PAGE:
By Kelley Winters
The National Center for Transgender Equality Executive Director Mara Keisling respondedto sharp criticism of the recent strategy by NCTE and other nonprofits funded by the Gill Foundation to back a Pennsylvania state nondiscrimination bill that included LGBT employment and housing protection but excluded public accommodation protections. Ms. Keisling explained that trans people “really need” housing and employment protections, “desperately, and can’t wait any longer.” She urged support of bills without public accommodation protection, not as a general strategy but limited to “specific situations where comprehensive bills have already failed repeatedly.” She emphasized that “NCTE has in no way given up on the ‘bathroom fight.'” Mara also stated that “NCTE never has and never will let another organization, including any funder, dictate our policy positions.”
I’ve known and admired Mara for many years and am grateful for her tireless advocacy for the trans community, but I disagree with the position she’s taken on this issue. Here are my concerns with Mara’s response and the NCTE position on reducing public accommodation human rights to a bargaining chip in LGBT anti-discrimination legislation:
(1) Reassurance that NCTE policy positions are not influenced by major funders would be more comforting if NCTE were not substantially supported by the primary force behind the public accommodation compromise: the Gill Foundation, founded in 1994 by software millionaire and gay rights activist Tim Gill to oppose Colorado Amendment 2. Most troubling, Buzzfeed reported that the Gill Foundation cut support for the ACLU National LGBT Project in retaliation for publicly opposing the Pennsylvania bill without public accommodation protection. In 2015, NCTE received grants totaling $75,000 from the Gill Foundation. This was 7% of NCTE’s total 2015 contributions and grants.
(2) This compromise strategy is not a neutral decision with respect to balancing cis-GLB vs trans rights. Surrendering public accommodation protection disproportionately harms transgender Americans, particularly at-risk trans youth at the moment that their fundamental human rights are under unprecedented attack by nationally coordinated theo-political hate groups. The social and political context around transgender civil rights have been rewritten by these attacks in recent months. For the most vulnerable homeless trans youth who may not survive to cash a paycheck or sign a mortgage, it erases space for them to exist in American society– to use a restroom or attend to the most basic personal hygiene. This compromise strategy has been defended as “incrementalism;” but it’s more like horizontal minority scapegoating. The ACLU said it best in their June 10 memo:
“…dropping public accommodations now, in the midst of the current in-state and national conversation surrounding transgender people and restrooms/locker rooms, is compromising on critical protections because they are controversial…now is the time to vociferously defend the right of transgender people to use sex-segregated facilities in accordance with their gender identity.”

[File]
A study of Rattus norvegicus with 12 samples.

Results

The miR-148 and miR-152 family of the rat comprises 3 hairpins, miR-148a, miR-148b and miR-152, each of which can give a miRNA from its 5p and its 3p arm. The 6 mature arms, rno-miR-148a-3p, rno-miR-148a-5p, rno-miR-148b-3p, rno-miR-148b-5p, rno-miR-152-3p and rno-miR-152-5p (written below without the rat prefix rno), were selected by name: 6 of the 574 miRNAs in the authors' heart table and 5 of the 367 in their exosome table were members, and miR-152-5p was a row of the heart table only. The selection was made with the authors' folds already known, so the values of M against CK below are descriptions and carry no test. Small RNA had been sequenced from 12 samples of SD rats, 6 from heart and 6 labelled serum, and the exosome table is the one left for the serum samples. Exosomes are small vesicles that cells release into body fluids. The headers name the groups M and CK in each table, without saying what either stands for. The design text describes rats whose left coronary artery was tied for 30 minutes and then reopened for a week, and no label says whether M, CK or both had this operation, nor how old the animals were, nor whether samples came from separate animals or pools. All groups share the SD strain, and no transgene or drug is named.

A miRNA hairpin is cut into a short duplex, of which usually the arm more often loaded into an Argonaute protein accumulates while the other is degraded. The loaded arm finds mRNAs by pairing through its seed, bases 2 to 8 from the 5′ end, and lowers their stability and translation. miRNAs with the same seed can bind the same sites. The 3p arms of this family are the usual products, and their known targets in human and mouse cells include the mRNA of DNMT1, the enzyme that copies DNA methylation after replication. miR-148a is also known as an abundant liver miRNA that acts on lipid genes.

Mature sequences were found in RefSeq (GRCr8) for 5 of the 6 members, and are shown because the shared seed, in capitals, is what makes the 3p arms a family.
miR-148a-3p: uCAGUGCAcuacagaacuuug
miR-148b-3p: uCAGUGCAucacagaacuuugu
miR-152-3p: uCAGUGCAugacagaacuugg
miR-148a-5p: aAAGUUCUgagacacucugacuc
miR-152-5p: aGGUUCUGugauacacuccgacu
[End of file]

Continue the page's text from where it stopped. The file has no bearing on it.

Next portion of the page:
(3) Acquiescence to Trans-crow public accommodation discrimination in human rights legislation is acquiescence to the horrendous false, sexualized stereotypes that underlie it. This weakens the case for employment, housing and all other rights for trans and other LGBQ people as well. As the ACLU put it:
“…passing a bill with a limited scope sends a message that public accommodations for LGBT people is politically toxic, and perhaps most troubling, that LGBT advocates are willing to compromise away public accommodations protections that are perhaps most acutely needed by the transgender community. This could cause a domino-effect of similar bills advancing in other states modeled after the ‘Pennsylvania Compromise’. Similarly, this could negatively impact federal strategies to pass explicit protections for LGBT people in employment, housing, and public accommodations.”
(4) This strategy triggers painful memories of the exclusion of trans people from the federal 2007 Employment Non-Discrimination Act. In both cases, transgender human rights were sacrificed by powerful cisgender kingmakers when politically expedient; and in both cases defamatory Raymondian stereotypes demonizing transgender women as posing “risk” to cisgender women in public spaces were in play. In fact, Mr. Gill’s strategy today bears striking resemblance to U.S. Representative Barney Frank’s 2011 advice for excluding public accommodations in future legislation to “break through” the “issue of transgender inclusion.” Mr. Frank boasted of passing a Massachusetts bill that:
“…does not include public accommodations. It avoids the whole issue of what happens in locker rooms and bathrooms.”
It’s said that those who fail to learn the lessons of history are doomed to repeat them. One difference between 2007 and today is that the Human Rights Campaign is rejecting the public accommodation compromise this time around, and that’s a bit of incremental progress I can celebrate.